Michigan Education Association President Steve Cook recently chimed in with the union’s views on what to do with the insolvent and academically failing Detroit Public Schools. Detroit teachers are actually represented by a different union, but the MEA is still the state’s largest and most influential teachers union.

Some of Cook’s claims deserve a closer look:

The state is to blame for all of the DPS debt

Cook wrote: “A state House plan seeks to pay the DPS debt incurred under state control.”

In November 2005, voters elected a new Detroit school board to replace a committee the Legislature had installed. The committee implemented by the Legislature was known officially as the "reform board" and was in control of DPS. The majority of its members were appointed by the city’s mayor. For two years, the new school board incurred no new debt from overspending its budget. But by the 2007-08 school year, the district again overspent itself into a $139.7 million deficit, which it had to borrow money to cover. Overspending happened again the next year, and the debt jumped to $219.0 million. At that point, Democratic Gov. Jennifer Granholm appointed an emergency manager to take control of the district’s finances, effective March 2, 2009. DPS hasn’t been out of debt or state receivership since.


Cook wrote: “The proliferation of charter schools in Detroit has diverted scarce resources away from neighborhood schools, contributing to the financial — and physical — deterioration of Detroit Public Schools. Many of these charters haven’t outperformed their traditional DPS counterparts in student achievement.”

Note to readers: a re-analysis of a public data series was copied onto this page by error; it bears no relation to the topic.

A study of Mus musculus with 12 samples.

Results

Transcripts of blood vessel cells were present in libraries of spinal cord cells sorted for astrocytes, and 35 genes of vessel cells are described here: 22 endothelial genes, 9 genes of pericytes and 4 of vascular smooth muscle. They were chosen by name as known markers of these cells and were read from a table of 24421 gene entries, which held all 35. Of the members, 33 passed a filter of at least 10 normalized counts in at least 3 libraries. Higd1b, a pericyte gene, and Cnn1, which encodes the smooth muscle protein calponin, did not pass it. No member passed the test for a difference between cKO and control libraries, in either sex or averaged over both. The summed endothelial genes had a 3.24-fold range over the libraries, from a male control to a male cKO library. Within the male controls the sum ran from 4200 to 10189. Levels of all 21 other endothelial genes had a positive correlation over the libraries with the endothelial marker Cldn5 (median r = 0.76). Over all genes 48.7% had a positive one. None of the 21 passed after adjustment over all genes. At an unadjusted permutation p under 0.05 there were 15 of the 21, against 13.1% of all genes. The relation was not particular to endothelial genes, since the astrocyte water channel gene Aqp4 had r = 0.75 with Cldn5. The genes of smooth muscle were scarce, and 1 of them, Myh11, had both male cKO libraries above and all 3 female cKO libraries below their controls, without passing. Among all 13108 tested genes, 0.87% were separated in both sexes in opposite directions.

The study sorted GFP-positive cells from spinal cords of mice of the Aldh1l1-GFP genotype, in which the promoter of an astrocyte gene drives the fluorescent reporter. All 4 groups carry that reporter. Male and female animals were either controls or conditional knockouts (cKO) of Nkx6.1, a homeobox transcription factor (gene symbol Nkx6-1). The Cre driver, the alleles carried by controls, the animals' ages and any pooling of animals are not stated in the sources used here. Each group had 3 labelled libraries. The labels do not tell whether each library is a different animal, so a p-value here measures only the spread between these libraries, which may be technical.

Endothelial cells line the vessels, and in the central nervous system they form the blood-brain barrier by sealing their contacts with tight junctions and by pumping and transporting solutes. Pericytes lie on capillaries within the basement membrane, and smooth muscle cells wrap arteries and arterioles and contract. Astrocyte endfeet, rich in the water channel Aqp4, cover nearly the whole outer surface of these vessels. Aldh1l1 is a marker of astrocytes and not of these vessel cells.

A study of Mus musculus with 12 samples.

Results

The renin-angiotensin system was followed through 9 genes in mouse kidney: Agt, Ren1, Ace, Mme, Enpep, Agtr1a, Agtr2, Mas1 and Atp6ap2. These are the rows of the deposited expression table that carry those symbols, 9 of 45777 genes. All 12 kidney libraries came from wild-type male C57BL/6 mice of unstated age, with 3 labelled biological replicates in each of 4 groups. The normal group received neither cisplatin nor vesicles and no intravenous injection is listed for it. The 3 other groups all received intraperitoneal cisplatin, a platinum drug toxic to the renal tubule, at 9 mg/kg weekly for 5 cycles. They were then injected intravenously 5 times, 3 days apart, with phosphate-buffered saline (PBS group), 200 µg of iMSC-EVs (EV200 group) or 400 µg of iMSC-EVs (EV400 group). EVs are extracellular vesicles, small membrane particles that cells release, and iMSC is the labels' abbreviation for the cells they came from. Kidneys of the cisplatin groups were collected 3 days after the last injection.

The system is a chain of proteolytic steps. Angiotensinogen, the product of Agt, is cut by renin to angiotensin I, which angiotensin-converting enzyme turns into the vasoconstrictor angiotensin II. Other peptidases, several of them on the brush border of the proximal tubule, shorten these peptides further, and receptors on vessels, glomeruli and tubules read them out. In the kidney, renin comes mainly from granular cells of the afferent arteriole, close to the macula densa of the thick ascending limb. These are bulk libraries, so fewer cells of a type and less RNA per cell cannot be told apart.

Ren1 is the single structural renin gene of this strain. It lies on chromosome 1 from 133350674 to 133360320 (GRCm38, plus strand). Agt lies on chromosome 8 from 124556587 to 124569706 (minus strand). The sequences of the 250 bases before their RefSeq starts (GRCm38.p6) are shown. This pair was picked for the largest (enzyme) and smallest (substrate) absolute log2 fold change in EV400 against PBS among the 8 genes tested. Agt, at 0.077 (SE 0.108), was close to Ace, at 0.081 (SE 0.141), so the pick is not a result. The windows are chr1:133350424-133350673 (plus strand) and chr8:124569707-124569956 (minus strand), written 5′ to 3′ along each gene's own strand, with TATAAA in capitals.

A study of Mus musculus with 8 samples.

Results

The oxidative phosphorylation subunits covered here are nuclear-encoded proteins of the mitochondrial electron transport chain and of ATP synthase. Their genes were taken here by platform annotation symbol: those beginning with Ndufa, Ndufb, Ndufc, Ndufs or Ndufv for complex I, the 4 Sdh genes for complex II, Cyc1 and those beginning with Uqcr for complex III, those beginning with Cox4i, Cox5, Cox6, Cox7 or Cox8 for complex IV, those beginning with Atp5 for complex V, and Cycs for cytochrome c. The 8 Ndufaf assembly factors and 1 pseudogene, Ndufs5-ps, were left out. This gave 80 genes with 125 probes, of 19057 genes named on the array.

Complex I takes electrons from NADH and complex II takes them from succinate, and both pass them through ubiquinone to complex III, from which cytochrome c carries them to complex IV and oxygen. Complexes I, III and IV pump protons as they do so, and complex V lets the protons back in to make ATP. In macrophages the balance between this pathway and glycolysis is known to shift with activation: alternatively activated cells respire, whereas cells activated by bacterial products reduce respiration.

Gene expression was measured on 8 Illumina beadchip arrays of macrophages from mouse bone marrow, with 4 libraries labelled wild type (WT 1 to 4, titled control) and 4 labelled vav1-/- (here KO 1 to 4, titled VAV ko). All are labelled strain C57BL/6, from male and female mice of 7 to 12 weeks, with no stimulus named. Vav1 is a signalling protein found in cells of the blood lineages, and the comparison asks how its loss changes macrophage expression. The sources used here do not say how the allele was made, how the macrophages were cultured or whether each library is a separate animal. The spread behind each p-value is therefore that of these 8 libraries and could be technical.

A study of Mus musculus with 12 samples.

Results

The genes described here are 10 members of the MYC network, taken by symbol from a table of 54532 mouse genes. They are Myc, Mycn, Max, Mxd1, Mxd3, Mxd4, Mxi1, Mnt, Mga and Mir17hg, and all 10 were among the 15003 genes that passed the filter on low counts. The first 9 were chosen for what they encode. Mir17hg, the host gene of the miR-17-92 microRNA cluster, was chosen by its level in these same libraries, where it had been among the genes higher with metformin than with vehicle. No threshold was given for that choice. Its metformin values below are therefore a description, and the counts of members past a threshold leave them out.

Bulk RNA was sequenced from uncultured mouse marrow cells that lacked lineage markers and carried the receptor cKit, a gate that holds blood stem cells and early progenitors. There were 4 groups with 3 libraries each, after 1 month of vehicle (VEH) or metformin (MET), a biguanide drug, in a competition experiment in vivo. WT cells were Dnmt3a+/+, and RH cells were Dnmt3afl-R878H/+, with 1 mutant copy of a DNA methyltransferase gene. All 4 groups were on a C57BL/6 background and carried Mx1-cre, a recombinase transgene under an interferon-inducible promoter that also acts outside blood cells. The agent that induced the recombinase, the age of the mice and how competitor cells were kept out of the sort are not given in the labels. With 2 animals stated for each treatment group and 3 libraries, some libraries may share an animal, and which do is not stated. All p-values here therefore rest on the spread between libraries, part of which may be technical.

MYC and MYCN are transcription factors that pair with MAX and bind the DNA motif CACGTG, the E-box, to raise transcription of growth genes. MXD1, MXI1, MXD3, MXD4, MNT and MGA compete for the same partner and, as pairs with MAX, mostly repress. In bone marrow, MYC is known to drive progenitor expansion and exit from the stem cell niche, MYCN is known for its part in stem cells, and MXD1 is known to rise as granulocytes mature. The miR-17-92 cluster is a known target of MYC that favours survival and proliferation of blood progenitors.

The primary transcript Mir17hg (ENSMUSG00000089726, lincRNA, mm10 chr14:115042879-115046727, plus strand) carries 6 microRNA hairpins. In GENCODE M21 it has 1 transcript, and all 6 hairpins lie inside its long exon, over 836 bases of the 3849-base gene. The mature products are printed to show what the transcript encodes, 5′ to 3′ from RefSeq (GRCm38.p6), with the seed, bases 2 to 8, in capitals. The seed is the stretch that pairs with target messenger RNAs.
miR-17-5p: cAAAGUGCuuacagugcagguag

Gary Naeyaert of the Great Lake Education Project has assembled a chart showing how students in all Detroit public schools — both public charter schools and conventional district schools — performed on the state’s standardized test. Naeyaert found that while there are exceptions on both sides, Detroit charter schools clearly have, for the most part, outperformed their conventional school counterparts.

Charter schools need to be rationed and closed

Cook wrote: “There is a strong need for an oversight body which could coordinate the opening and closing of both charters and neighborhood schools based on community need. The city currently has an oversupply of schools in some areas, while in other parts of the city, more schools are needed.”

It is not hard to understand why the head of the state’s largest teachers union wants to give a city and school district long run by Democrats the power to close charter schools: Of the approximately 300 charter schools in the state, only six are unionized. That means there are about 10,000 Michigan charter schoolteachers who belong to no union and pay no union dues. Each represents about $1,000 in annual dues that teachers unions believe properly belong to them.